Bob Dylan And John Keats Part One can be found through this link. Part Three follows shortly.
Singer/songwriter Bob Dylan likes to fiddle while Keats mourns. Dylan turns themes presented by other artists upside down.
As in the song lyrics below:
More optimistic is the singer about future happiness in the world of reality than the poet be. Keats finds the actual world, outside the imagination, wanting:
(John Keats: Ode On A Grecian Urn)
The Dylanesque rhyme twist: ‘young’/’rung’ vs ‘young’/ ‘tongue’
Another poet, who’s also familiar to Dylan, focuses on the dark side of life:
(Rudyard Kipling: Gentleman-Rankers)
The Dylanesque rhyme twist again – Kipling and Dylan both end-rhyme ‘rung’ and ‘young’
Again, below, Dylan fiddles with themes, turns things around:
Contrasting with Keats’ melancholic view of the world outside his mind:
(John Keats: On Fame)
The Dylanesque twist – Keats and Dylan both end-rhyme ‘too’ and ‘you’.
Bob Dylan matches John Keats’ mood some of the time:
But overall Keats’ poetry is dark – for example, he depicts knights in shining armour who are doomed from here to eternity:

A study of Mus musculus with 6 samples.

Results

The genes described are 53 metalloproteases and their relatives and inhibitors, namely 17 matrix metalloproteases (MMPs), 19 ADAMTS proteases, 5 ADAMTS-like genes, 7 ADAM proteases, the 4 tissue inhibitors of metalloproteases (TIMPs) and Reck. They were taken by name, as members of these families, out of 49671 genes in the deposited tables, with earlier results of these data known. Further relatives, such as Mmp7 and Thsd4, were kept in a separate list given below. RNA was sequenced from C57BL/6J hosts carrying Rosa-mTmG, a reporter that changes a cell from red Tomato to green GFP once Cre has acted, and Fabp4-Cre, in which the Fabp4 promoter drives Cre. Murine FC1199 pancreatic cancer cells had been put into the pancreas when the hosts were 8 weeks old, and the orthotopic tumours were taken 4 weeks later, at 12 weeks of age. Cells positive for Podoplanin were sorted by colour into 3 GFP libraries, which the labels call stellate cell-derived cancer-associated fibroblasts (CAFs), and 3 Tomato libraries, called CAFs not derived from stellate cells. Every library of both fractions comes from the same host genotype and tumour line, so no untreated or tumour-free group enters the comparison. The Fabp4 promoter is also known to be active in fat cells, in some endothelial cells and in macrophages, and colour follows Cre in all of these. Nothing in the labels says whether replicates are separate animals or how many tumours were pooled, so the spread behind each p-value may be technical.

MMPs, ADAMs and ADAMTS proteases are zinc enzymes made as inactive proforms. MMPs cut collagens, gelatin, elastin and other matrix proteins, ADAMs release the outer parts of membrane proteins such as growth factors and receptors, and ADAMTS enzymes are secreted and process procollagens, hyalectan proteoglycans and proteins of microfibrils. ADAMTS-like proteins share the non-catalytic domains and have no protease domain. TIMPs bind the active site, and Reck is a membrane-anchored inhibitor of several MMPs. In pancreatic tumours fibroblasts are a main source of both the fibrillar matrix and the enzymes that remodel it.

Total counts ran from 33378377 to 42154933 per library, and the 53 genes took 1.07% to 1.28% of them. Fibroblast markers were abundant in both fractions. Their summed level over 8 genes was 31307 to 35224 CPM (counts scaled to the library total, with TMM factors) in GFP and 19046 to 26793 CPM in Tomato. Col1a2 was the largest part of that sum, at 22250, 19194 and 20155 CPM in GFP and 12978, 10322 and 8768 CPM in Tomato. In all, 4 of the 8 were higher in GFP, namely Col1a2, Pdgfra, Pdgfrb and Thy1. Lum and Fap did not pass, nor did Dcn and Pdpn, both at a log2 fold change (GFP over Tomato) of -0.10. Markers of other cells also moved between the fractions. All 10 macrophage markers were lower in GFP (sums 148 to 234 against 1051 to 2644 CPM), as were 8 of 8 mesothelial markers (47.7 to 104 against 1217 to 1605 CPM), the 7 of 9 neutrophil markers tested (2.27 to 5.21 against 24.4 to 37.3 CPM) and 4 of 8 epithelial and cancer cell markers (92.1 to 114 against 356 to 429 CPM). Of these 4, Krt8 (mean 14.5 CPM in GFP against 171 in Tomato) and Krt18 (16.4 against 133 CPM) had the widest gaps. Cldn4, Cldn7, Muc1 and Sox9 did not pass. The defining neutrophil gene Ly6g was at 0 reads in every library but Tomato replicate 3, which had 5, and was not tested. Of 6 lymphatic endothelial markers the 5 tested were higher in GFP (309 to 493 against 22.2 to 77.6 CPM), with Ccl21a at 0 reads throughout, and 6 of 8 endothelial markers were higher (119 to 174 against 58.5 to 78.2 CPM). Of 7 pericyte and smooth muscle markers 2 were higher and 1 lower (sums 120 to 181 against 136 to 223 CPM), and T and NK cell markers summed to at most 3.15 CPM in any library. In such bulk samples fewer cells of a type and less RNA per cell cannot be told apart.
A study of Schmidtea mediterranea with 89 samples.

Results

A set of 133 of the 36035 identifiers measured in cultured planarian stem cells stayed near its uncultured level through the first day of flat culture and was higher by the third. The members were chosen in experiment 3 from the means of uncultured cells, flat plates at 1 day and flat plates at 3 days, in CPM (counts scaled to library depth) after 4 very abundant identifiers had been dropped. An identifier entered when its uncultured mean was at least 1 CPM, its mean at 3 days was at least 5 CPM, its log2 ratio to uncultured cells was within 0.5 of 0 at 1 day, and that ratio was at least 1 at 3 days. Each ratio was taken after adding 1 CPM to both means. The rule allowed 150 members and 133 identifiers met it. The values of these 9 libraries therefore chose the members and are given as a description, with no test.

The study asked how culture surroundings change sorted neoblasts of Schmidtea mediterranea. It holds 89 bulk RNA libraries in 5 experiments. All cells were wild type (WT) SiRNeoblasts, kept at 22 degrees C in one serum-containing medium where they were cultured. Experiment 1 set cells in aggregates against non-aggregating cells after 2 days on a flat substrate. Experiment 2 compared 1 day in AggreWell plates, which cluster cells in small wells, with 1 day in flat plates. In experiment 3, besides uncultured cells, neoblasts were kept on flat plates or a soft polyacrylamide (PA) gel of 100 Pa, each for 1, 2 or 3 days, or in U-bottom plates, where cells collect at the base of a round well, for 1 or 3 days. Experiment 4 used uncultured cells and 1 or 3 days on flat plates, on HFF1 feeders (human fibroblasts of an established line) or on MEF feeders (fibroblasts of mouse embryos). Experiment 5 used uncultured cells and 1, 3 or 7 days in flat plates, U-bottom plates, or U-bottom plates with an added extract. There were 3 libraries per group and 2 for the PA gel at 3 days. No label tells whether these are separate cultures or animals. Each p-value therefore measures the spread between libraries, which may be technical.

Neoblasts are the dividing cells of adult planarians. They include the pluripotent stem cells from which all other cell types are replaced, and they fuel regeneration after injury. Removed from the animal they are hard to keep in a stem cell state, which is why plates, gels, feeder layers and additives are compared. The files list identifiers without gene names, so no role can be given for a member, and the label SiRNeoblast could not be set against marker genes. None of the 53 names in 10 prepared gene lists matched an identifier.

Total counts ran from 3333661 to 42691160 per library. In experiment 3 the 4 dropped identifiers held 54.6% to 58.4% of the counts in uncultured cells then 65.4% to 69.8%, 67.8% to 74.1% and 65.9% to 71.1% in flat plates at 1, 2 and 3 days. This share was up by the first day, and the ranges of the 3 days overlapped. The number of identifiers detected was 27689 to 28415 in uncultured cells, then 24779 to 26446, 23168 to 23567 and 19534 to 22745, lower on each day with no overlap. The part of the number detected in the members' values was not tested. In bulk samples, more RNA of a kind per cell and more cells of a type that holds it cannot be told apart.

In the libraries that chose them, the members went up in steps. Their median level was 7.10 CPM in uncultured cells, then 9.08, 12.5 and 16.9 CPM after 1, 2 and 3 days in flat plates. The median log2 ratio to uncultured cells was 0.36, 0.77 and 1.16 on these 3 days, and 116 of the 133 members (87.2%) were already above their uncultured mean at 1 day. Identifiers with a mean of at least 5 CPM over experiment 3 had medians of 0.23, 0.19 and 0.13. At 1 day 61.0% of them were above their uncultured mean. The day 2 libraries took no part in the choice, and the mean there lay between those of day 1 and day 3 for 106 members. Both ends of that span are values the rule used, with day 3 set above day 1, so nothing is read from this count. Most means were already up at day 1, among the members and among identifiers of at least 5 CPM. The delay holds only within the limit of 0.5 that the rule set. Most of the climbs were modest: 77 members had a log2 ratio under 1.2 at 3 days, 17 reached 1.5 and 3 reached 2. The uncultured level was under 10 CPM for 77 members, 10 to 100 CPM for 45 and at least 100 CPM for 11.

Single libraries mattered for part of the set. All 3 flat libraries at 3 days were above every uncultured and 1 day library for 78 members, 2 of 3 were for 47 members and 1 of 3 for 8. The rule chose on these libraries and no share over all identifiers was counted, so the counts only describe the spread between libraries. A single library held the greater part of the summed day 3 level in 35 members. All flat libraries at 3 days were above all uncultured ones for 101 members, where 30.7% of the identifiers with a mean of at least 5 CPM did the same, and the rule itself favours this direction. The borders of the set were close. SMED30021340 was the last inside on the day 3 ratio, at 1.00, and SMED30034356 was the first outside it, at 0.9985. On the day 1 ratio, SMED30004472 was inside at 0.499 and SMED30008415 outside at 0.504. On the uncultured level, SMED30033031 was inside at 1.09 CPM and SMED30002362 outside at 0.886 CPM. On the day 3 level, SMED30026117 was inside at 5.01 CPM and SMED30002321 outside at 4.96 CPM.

(John Keats: La Belle Dame Sans Merci)
Bob Dylan’s lyrics reveal that he’s more or less content living in the sensual world, especially if he has a real female Muse to go with it; he’ll bake his ideal cake for sure, but he’ll eat it in the real world:
Dylan end-rhymes ‘you’/’too’, coincidence or not, with Keats, ‘dew’/’too’.
The more Gnostic-influenced John Keats imagines he’s trapped with women in a Gothic place from which there is no physical release:
(John Keats: Lamia)
Not a compassionate sad-eyed lady of the lowlands is Lamia – she’s a beautiful woman without mercy.